The songs found on “Battalions of Fear” basically fall into three categories: the longer speed metal tracks that draw heavily from Helloween’s first LP, the shorter ones that are closer to what can be heard on the “Death Metal” compilation (not only Helloween), and the instrumentals which are somewhat primitive versions of what would be heard out of the band in the mid-90s. Although the quality of the mix on here is slightly inferior to “Follow the Blind”, the entire album is a much more consistent listen, although the end result is an almost one-dimensional product.
“Majesty” kicks the album off with a somewhat comical sounding waltzing keyboard that is actually a bit similar to the one found on Helloween’s “Time of the Oath”, but the rest is pure blazing speed metal, but with a very catchy chorus, though one you have to wait almost 3 minutes to get to. “Guardian of the Blind” is the most accessible out of the bunch, lacking any drastic changes in feel and featuring a hook-laden chorus chant that can also be heard on the intro of “The Last Candle” off the 3rd LP. “The Martyr” and the title track are aggressive enough to almost be thrash, featuring some solid back and forth lead playing and plenty of consistent speed drumming.
“Run for the Night” and “Wizard’s Crown” are both shorter yet still plenty fast and furious. The former is quite similar to the spirit of the Helloween LP, minus the nasal vocals and over-the-top high end screeches. The latter was originally titled “Halloween” (they probably changed the title to avoid confusion with the 13 minutes plus extravaganza found toward the end of the first Keeper of the Seven Keys album) and was taken off the first Lucifer’s Heritage demo. It would not sound out of place at all alongside the other songs found on the “Death Metal” compilation that Helloween, Running Wild and company.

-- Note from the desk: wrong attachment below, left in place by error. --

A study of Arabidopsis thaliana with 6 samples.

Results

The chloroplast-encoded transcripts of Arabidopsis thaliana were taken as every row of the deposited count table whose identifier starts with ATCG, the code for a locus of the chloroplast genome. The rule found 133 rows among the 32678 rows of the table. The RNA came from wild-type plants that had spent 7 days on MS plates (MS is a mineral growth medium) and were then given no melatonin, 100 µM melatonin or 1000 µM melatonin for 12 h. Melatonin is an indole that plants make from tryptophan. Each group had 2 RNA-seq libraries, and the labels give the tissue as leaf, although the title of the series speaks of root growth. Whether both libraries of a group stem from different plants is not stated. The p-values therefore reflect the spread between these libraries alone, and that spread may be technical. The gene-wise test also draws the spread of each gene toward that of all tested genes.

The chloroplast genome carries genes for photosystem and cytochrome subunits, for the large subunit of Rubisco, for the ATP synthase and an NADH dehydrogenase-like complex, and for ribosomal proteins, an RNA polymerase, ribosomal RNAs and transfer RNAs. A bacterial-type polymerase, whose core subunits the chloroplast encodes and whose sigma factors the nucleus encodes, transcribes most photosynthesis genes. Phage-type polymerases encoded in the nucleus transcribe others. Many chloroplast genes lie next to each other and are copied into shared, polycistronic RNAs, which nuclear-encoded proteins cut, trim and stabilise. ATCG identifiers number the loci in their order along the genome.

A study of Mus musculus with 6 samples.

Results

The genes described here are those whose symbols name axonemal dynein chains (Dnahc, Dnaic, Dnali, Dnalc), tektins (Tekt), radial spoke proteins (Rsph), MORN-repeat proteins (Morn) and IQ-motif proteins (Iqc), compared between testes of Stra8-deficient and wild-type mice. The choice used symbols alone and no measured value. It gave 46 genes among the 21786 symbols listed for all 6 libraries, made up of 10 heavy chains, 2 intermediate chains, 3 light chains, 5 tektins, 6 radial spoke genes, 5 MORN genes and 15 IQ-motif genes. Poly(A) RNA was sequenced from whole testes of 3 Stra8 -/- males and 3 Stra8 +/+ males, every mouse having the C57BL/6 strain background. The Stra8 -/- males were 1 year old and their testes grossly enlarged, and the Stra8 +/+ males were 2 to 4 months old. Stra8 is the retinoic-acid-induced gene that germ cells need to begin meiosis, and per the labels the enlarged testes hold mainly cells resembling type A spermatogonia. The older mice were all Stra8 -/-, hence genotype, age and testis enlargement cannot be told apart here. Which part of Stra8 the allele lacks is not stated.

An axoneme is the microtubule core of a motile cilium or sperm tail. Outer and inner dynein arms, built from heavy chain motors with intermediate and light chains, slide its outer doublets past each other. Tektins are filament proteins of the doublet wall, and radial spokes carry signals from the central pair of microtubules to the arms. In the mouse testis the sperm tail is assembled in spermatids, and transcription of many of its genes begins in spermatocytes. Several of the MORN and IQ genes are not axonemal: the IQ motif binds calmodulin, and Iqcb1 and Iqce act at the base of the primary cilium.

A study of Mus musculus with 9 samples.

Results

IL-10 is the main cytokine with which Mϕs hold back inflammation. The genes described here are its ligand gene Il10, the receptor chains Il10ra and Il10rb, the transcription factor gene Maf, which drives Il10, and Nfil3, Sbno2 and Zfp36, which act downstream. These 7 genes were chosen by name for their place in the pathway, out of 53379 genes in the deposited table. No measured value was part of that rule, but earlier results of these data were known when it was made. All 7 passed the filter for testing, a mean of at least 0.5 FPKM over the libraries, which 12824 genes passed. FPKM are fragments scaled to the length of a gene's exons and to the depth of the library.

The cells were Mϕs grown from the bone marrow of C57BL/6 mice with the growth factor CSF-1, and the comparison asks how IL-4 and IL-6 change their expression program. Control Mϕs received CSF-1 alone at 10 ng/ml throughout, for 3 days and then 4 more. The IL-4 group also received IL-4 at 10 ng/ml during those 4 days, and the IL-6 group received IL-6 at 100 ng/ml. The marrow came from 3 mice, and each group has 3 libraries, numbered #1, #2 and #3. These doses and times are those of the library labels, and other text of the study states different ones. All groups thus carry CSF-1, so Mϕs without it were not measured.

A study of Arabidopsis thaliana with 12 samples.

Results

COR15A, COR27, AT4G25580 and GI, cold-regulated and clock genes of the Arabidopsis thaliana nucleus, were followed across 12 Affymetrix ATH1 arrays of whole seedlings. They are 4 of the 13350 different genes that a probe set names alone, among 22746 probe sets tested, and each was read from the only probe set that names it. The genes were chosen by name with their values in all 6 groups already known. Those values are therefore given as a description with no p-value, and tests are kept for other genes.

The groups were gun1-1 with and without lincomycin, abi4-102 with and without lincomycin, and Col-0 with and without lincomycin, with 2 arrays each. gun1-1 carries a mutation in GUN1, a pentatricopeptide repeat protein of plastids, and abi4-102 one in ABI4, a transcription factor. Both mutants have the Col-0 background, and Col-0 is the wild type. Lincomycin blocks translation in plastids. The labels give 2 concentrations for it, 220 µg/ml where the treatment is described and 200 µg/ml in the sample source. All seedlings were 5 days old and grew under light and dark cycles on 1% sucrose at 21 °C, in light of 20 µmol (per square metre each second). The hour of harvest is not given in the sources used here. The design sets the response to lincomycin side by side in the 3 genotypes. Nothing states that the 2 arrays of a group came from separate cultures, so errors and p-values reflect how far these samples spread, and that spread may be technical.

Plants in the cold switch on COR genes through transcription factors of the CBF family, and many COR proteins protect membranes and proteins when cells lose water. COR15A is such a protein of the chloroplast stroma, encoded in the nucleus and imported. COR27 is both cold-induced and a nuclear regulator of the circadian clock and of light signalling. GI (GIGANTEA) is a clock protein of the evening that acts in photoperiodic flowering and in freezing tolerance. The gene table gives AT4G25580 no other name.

The instrumentals on here are basically more of the same great speed metal minus the vocals, clocking in a bit shorter, and featuring a lot of great lead playing. “Gandalf’s Rebirth” is a bonus track on here, following another short instrumental Tolkein homage, but gets my pick for best out of the instrumentals on here. It features a somewhat repetitive rhythm section, but the lead guitar theme is quite striking and is somewhat of an early indication of Olbrich’s later direction as a melodic lead player rather than a pentatonic shredder.
Although this is a bit more stripped down than what you’ve heard in recent years, “Battalions of Fear” hasn’t faded at all with the passage of nearly 20 years. It’s not quite the groundbreaking classic that Helloween’s “Walls of Jericho” was, but it is a solid album cut from the same style with voice that is easier to sing along with. Bands like BG are never content to stay in one place and play the same thing, they are compelled to continue expanding their array of ideas, and whether or not you like the direction they’ve taken since “Imaginations from the Other Side”, this album is definitely worth looking into.